Think of it this way: The difference between having 3% of the electricity you desire and having 0% is literally like day and night. This also goes for heat, communications, and every other system you rely on in your day-to-day life. So even if you can only move your total preparation from 0% to 3%, you will still have significantly improved your situation.
The above quote and link got me thinking of approaching preps like a ladder, taking one step at a time. Imagine the whole ladder as your total prep goals, with each step representing 5% of each individual goal. You have a twenty rung ladder in front of you to climb, each one a well defined step. A simple example:
I decide that my overall prepping goals are to have six months worth of food stored, one month of stored water, six months of emergency cash, a high capacity water filter, a solar voltaic system to run the basic household items, and emergency heat for one month.
You need to have a overall goal you want to reach for each item, so to put some numbers to the above with nice, even numbers let's say:
six months of food/20 = 9 days of food = 18000 calories
one month stored water/20 = 1.5 days worth of stored water = 3 gallons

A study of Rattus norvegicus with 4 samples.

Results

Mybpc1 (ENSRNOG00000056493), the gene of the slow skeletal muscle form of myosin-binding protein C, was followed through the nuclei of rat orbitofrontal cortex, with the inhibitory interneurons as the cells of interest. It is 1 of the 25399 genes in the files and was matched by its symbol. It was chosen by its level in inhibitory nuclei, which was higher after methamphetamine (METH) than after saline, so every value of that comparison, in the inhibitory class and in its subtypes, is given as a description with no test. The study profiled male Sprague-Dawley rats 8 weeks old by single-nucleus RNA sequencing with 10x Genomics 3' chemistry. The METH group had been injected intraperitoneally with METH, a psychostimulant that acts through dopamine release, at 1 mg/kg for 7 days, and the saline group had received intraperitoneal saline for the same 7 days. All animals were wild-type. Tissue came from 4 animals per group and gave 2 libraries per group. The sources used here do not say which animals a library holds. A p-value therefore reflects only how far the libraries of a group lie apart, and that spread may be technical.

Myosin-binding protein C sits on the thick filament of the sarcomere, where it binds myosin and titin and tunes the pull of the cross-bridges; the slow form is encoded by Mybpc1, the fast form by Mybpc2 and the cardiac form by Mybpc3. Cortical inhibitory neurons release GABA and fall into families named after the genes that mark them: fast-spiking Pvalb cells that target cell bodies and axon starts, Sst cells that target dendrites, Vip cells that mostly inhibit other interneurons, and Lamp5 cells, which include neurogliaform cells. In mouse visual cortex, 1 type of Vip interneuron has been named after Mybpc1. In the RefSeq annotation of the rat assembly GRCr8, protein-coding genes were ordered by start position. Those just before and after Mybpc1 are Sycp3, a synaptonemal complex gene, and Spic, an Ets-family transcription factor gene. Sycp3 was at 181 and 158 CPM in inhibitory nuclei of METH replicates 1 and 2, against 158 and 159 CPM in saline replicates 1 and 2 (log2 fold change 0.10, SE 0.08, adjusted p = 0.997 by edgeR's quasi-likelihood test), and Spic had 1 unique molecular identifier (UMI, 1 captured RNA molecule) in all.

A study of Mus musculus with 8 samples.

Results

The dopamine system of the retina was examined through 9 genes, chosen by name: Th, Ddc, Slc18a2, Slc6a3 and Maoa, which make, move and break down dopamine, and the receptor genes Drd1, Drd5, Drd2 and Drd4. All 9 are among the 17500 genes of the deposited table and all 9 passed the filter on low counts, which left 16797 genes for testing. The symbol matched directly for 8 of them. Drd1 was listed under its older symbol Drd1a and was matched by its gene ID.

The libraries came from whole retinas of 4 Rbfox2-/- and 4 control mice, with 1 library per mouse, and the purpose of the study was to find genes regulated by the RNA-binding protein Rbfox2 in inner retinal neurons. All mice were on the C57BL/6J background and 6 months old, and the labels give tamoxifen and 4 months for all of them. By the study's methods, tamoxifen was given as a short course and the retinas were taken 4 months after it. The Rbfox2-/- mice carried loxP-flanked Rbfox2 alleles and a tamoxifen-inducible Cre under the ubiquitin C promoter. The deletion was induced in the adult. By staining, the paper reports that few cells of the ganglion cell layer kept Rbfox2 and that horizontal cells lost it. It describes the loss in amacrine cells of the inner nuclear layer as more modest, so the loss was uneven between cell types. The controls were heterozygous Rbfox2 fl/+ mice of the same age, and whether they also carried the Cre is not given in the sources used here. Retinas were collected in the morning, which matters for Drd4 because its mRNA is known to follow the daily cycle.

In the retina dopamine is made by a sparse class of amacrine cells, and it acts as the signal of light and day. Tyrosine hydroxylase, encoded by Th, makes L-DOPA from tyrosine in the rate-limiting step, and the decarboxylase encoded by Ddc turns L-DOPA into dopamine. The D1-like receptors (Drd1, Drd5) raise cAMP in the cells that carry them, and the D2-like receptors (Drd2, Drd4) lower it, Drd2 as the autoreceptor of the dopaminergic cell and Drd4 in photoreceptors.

six months of emergency cash/20 = $6000/20 = $300
emergency heat for one month = 100 lbs of propane/20 = 5 lbs of propane
solar voltaic system desired = 1000 watt system/20 = 50 watt system
The water filter is an example where this can get tricky, which is why I included it. Let's say your goal is to have a Big Berkey. So maybe the first three steps on the ladder are one Frontier filter straw per step, each other step is to save money for the Berkey. Or maybe step one is coffee filters and Katadyn tablets, and then you start buying individual filter elements.
Now you have easy to achieve steps laid out in front of you, the faster you get them done the better. Real world examples will be more complex, obviously, but for the above you'd get 18000 cals of food, 3 gal of water, $300 cash, 5 lbs propane, and a small 50 watt solar system. When that's completed, do it again, and again, until your goals are reached. Rinse and repeat.
The two major advantages I see to approaching it this way are that 1) You never know when a bad situation will come up or what it will be, this way you have a well rounded cushion, and 2) It makes big goals like a larger solar system seem more attainable.
Imagine Joe starts out the above plan with nothing in preps, and makes it to step 8 when he experiences the dreaded week long power outage. In the middle of winter. With the roads so impassable that grocery trucks can't deliver, and he can't get to work. Pretty bad situation to be in, but luckily he didn't spend all his money on a one year supply of freeze dried food. Instead he has 70+ days of food, 12 days worth of water with a way to filter more, $2400 cash, 40 lbs of propane, and 400 watts worth of solar power.
You can apply to same mindset to lots of different things as well. Let's say part of your overall goal is to have 5 pairs of heavy duty wool socks, but that's $100 worth, a lot to spend on just socks. Just include $5 at each step to buy them, and every 4 steps buy a pair. Point is to maintain an overall well prepared stockpile as opposed to blowing all of your money on a prep that might not even be the one you wind up needing.